June 12, 2003
Youth violence expert talks about hazing
Cliques have always been a part of the high school experience for teenage girls, but are violent hazing incidents involving girls more common than thought?
A Purdue University sociologist who studies youth violence says violent incidents, such as the one in a Chicago suburb that left girls with broken bones and stitches, are rare.
"Cliques are important for teenagers because they are a way to establish identities, and they are a universal feature of the fabric of high school," Jack Spencer says. "Such violence is rare, but hazing is a big part of youth culture. Hazing is a ritualized way of marking entrance into higher status groups or cliques. This incident resembles more mob behavior because of the number of people who participated in the violence and the relative anonymity or loss of individuality that those numbers afford. In mobs and in this instance, it would seem that individuals engage in behavior that they normally wouldn't because they get caught up in the behavior of the group."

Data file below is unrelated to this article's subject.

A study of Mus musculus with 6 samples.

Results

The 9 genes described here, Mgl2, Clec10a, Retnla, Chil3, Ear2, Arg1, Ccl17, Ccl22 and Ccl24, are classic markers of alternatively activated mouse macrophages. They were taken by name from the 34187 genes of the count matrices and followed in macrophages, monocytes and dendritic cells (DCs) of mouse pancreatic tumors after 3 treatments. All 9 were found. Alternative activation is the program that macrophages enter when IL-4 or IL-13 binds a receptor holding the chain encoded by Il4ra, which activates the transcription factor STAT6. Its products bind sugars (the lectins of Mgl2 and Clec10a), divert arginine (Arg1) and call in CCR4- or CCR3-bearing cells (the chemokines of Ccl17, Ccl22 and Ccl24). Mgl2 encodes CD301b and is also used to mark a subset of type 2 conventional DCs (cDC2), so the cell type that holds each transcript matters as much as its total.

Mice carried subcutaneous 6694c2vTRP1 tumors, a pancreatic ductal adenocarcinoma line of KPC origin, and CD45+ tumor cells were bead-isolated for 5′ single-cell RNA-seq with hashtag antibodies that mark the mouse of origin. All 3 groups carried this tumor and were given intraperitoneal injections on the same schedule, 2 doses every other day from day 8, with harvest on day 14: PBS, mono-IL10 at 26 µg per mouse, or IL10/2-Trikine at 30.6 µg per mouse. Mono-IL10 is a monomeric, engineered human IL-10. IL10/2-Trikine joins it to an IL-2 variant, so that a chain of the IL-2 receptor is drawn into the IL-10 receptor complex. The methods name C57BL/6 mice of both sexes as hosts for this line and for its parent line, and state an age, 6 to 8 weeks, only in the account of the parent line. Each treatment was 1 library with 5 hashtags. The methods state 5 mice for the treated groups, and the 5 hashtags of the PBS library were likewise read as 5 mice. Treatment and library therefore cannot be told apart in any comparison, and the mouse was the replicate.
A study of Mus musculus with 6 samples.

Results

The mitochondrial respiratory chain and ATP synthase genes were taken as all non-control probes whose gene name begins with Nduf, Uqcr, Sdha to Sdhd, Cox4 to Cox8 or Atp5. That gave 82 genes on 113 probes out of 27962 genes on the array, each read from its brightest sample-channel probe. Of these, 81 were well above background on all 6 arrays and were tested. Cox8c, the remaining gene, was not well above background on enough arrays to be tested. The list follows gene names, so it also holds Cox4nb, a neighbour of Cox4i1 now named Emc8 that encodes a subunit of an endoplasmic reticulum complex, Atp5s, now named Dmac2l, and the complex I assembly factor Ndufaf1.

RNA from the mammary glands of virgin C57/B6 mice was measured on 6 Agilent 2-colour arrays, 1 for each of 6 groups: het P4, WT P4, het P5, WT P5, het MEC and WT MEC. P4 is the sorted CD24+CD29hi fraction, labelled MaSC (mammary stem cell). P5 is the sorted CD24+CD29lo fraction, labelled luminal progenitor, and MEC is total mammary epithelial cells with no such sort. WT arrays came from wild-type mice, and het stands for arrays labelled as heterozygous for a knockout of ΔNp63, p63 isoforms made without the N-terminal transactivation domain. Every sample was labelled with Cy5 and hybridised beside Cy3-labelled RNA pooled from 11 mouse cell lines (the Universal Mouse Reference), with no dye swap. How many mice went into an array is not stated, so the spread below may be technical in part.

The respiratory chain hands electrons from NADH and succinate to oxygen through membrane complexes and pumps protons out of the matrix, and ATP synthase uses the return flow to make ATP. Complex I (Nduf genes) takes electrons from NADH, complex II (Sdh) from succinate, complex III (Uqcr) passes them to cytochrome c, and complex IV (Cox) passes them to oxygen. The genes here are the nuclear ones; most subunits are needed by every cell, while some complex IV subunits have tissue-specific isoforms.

More than two dozen seniors from Glenbrook North High School have been expelled in a hazing incident that took place in May.
"This story is sure to have a long shelf life because its about girls in an upper middle class neighborhood," Spencer says. "It will be interesting to see how the story stays in the news, but I think we will start to see the media, public and participants asking where we should attribute blame.
"What's going to be interesting about these attributions is that this incident involved violence and alcohol that was apparently provided by parents," he says. "Will blame of responsibility be attributed to the girls, to the parents, to who provided the alcohol or to school officials?"
CONTACT: Jack Spencer, (765) 494-4677, email@example.com.